Josh Blackman has just published a fascinating new essay, “What Happens if Data Is Speech?” in the University of Pennsylvania Journal of Constitutional Law Online, asking some important questions about how courts should treat ― and how we should think about ― attempts to regulate the (re)creation and arrangement of information by “algorithms parsing data” (25). For example, Google’s algorithms suggest search queries on the basis of our and other users’ past searches, and then sort the available links in once we hit ‘enter’. Can Google be ordered to remove a potential query from the suggestions it displays, or a link from search results? Can it be asked to change the way in which it ranks these results? These and other questions will only become more pressing as these technologies become ever more important in our lives, and as the temptation to regulate them one way or another increases.
One issue that is a constant theme in the literature on this topic that prof. Blackman reviews is what, if any, is the significance of the fact that “with data, it is often difficult to find somebody with the traits of a typical speaker” (27). It thus becomes tempting to conclude that algorithms working with data can be regulated without regard for freedom of speech, since no person’s freedom is affected by such regulation. If at least some uses of data are, nevertheless, protected as free speech, there arises another issue which prof. Blackman highlights ― the potential for conflict between any such protection, and the protection of privacy rights, which takes of form of prohibitions on speaking against someone (in some way).
The focal point of these concerns, for now anyway, are search engines, and particularly Google. Prof. Blackman points out, as Google becomes our gateway to more and more of the information we need, it acquires a great deal of power over what information we ever get to access. Not showing up high in Google’s search results becomes, in effect, a sentence of obscurity and irrelevance. And while it will claim that it only seeks to make its output more relevant for users, the definition of “relevance” gives Google the ability to pursue an agenda of its own, whether it is punishing those who, in its own view, are trying to game its ranking system, as prof. Blackman describes, or currying favour with regulators or commercial partners, or even implementing some kind of moral vision for what the internet should be like (I describe these possibilities here and here). All that, combined with what seems to some as the implausibility of algorithms as bearers of the right to freedom of speech, can make it tempting for legislators to regulate search engines. “But,” prof. Blackman asks, “what poses a greater threat to free speech ― the lack of regulations or the regulations themselves?” (31) Another way of looking at this problem is to ask whether the creators and users of websites should be protected by the state from, in effect, regulation by Google or Google should be protected from regulation by the state (32).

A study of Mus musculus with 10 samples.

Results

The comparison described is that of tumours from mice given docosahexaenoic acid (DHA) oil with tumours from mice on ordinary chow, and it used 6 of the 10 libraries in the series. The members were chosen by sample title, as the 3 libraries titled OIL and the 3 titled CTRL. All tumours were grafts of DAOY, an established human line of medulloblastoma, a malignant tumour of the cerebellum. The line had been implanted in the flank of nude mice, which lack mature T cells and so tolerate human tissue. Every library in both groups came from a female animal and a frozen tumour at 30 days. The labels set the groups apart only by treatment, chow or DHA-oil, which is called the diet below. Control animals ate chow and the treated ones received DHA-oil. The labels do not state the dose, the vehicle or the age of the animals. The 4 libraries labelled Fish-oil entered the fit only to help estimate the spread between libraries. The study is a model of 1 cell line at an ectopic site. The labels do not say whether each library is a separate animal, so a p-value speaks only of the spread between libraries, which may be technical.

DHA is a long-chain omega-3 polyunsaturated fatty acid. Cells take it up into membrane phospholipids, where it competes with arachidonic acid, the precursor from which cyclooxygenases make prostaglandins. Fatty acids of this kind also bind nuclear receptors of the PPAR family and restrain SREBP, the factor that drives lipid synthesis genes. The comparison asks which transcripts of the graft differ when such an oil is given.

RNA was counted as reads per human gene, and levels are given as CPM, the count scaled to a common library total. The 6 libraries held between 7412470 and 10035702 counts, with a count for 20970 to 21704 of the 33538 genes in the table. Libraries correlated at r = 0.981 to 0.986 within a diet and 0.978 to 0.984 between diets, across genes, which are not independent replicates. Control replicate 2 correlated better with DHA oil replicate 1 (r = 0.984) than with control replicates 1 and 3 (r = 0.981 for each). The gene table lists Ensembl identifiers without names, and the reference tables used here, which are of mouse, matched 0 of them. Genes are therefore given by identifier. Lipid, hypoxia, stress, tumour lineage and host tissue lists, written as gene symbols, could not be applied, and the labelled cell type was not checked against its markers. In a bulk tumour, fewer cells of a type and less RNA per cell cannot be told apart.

The final parts of prof. Blackman’s essay address the question of what happens next, when ― probably in the near future ― algorithms become not only tools for accessing information but, increasingly, extensions of individual action and creativity. If the line between user and algorithm is blurred, regulating the latter means restricting the freedom of the former.
Prof. Blackman’s essay is a great illustration of the fact that the application of legal rules and principles to technologies which did not exist when they were developed can often be difficult, not least because these new technologies sometimes force us to confront the theoretical questions which we were previously able to ignore or at least to fudge in the practical development of legal doctrine. (I discussed one example of this problem, in the area of election law, here.) For instance, we have so far been able to dodge the question whether freedom of expression really serves the interests of the speaker or the listener, because for just about any expressive content there is at least one speaker and at least one listener. But when algorithms (re-)create information, this correspondence might no longer hold.
There are many other questions to think about. Is there some kind of baseline right to have Google take notice of you? Is the access to online information of such public importance that its providers, even private ones, effectively take on a public function, and maybe incur constitutional obligations in the process? How should we deal with the differences of philosophies and constitutional frameworks between countries?
This last question leads me to my final observation. So far as I can tell ― I have tried some searching, though one can always search more ― nothing at all has been written on these issues in Canada. Yet the contours of the protection of freedom of expression under the Canadian Charter of Rights and Freedoms are in some ways quite different from those under the First Amendment. When Canadian courts come to confront these issues ― when the Charter finally meets Google ― they might find some academic guidance helpful (says one conceited wannabe academic!). As things stand now, they will not find any.